Military Health Base Depot
IMPENDULO DESIGN ARCHITECTS: Architect
Military Health Base Depot for the South African Military Health Services
Award for Excellence Citation
This group of buildings is hidden away from the public, mainly due to its location and function. It is situated southwest of the better-known Military Headquarters' buildings, adjacent to one of the southern entries into the historical core of Pretoria. Even these headquarters had a much better visual and symbolic presence in the public domain before an engineering 'solution' to enable traffic efficiency was implemented, leaving it largely obscured from the public view.
In order to create this new facility for the SAMHS, a long and complicated process commenced in 2008, with completion only being reached in mid-2014. The scale and complexity of this 30 000m2 building can be shown in the extent of the team involved - the combined professional team consisted of approximately 100 people, while +/-1 500 construction workers laboured on site.
A heritage survey on the site, which contains a collection of historical buildings, found that many structures had to be retained and restored in keeping with heritage legislation. These buildings consisted of, for example, a railway-type platform building characterised by a loading platform around its entire perimeter. Timber cantilevered trusses support the roof of the platform; another feature is the large timber sliding doors.
Another heritage find was a group of Bellman-type steel aircraft hangers, of the type that originated in Britain, in 1936, as the standard WWII hanger. This structurally efficient building could be made off-site and moved to wherever was required. Many were made in South Africa and exported abroad. They were, ideally, manufactured in modular steel sections that could be dismantled, transported and reassembled.
Some of the aircraft hangers were kept and restored on site, while others were dismantled and taken away for use elsewhere.The rectangular railway-type building, with its long side facing north, was restored. A stroke of logic and genius lead to the retention of the eastwest street space adjacent to this building's south side. It is here, within the 'empty' urban space, where much of site memory is retained and exemplified. This area now forms the organising spatial logic of the new facility. The space orientates the user and forms the core of all social interaction. Adjacent, the architects have created a long covered walkway on one side and colonnades of trees on both sides that define this central space, while it also binds together the various functional elements. The area's focus is the large roofed, but open, parade ground. A restored hanger structure has been employed for this purpose.
Most of the new structures are large, inwardly orientated storage-shed-type warehouse structures, for storage of medicines, medical equipment or vehicles. They are largely devoid of people, as most of the contents are handled by electronically controlled mechanical equipment. The cathedral-like spaces are meticulously crafted to exacting standards. Where people interact daily with the building, the architect's attention to detail shifted to make the experience as humane as possible. Consequently, the difference between the mechanically orientated spaces and those used by humans is distinct and noticeable: those occupied by people have ample daylight, direct contact with the outside and are full of colour and 'warm' materials.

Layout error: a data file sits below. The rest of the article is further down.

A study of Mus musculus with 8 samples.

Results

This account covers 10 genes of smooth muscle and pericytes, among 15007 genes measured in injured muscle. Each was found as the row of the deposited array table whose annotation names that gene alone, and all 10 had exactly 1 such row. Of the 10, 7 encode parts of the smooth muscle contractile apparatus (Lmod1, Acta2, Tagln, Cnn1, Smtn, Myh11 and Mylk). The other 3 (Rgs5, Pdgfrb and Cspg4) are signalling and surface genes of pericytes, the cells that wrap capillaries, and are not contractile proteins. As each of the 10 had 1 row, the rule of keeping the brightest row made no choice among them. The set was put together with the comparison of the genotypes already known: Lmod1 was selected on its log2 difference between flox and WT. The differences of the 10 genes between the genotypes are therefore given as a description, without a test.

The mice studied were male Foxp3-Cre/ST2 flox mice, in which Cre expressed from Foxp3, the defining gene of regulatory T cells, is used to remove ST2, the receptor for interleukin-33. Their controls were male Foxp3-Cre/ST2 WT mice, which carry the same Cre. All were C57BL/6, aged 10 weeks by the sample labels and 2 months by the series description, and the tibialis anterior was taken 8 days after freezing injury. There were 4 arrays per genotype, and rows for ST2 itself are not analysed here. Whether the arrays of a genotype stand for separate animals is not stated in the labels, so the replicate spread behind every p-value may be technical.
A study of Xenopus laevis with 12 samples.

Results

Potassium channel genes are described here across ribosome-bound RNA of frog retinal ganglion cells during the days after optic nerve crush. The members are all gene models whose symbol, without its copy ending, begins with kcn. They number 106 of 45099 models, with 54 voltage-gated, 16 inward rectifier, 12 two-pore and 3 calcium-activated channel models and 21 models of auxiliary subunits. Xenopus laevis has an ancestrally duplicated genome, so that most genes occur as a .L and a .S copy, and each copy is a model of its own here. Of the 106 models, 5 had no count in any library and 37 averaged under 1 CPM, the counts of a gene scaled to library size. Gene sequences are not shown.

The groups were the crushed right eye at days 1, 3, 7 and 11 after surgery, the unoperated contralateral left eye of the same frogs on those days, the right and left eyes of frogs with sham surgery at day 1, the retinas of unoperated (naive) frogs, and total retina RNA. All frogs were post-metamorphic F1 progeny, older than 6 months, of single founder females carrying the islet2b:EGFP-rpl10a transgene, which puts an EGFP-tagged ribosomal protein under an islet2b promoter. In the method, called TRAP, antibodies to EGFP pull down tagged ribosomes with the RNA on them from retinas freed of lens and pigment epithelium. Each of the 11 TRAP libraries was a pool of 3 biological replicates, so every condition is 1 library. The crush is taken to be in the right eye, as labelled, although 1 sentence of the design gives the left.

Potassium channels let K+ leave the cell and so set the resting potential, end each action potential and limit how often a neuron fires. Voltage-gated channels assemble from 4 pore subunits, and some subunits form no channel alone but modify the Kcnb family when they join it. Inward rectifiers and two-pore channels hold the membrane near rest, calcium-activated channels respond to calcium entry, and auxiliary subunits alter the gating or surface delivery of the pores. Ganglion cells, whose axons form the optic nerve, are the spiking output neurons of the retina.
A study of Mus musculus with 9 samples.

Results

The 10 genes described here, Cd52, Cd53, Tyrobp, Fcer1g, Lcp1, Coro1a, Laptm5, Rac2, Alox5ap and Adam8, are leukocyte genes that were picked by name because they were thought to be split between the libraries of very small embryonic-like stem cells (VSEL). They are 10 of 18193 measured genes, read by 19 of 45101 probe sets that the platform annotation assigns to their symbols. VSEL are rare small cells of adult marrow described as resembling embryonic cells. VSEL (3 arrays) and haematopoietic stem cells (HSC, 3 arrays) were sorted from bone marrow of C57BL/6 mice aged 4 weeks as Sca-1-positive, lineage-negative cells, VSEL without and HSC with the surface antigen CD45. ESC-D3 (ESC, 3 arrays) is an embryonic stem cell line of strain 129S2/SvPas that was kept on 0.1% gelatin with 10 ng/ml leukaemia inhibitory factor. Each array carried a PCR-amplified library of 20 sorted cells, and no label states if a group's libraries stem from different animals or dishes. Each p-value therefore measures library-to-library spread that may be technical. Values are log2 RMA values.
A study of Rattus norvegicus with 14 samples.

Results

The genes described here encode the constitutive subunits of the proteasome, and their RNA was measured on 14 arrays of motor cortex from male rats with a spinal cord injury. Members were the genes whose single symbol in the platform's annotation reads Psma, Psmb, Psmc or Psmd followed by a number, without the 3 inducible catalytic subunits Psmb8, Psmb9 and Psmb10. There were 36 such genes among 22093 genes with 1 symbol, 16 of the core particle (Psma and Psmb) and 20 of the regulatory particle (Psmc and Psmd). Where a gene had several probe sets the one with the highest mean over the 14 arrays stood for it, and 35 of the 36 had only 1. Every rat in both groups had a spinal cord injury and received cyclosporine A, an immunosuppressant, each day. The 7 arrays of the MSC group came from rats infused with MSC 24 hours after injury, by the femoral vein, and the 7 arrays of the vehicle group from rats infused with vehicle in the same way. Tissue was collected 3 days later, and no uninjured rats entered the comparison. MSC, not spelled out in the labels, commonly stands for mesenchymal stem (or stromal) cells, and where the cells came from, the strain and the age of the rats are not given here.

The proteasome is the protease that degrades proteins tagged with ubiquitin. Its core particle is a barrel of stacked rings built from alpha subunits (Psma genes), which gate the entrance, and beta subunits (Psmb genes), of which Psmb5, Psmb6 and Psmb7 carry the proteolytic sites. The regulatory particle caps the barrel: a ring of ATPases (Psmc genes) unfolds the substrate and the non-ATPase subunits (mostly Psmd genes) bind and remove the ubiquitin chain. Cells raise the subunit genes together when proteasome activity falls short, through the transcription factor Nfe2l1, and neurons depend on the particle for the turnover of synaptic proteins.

The architectural form, tectonics and detailing of the group of buildings is direct and robust, with a focus on durability over time. Much of this is in keeping with what has been found on site. Specially commissioned artworks, ranging from sculptures to mobiles, mosaics and photography, have been placed all over the more public spaces and underpin the medical function of the buildings. The artworks also depict the human and humane actions that might flow from military medical services.
Despite the project consisting of a large number of buildings, completed over a long period of time via what must have been a complex and taxing process, the results nevertheless give testimony to the fact that the architects and other professionals on the team were not prepared to give up on their ideals, and continued in their resolve to achieve a positive and inspiring outcome through every twist and turn.
Very often, these kinds of projects are 'faceless' The client is not the end user or owner of the building, but sometimes only a largely disinterested administrator of rules and standards. It is also a type of project that mostly does not garner any recognition of a 'job well done' for the architect, instead being referred to as a 'bread and butter' project. (They only ensure continued existence and are unlikely to display any desire for excellence or delight.)
However, this project has managed to achieve the exact opposite of the mundane environment that usually results from the aforementioned attitude. Somehow all concerned, and especially the architects, managed to retain their enthusiasm, passion and professionalism in order to achieve an end product that would rise above the average. What has been created here is an environment of sustainability, efficiency, robustness and enduring delight and intrigue.
Maybe the most distinguishing quality of the building is that it has created an environment of excellence for those members of society who are often overlooked. By its very nature, the military comes across as a big and impersonal machine. Yet here the architects managed to change that perception and create an architectural context where the 'average' man and woman are celebrated for their individuality and humaneness. As such, they have made a better place for all of us - even if so few of us will ever come to experience this enchantment.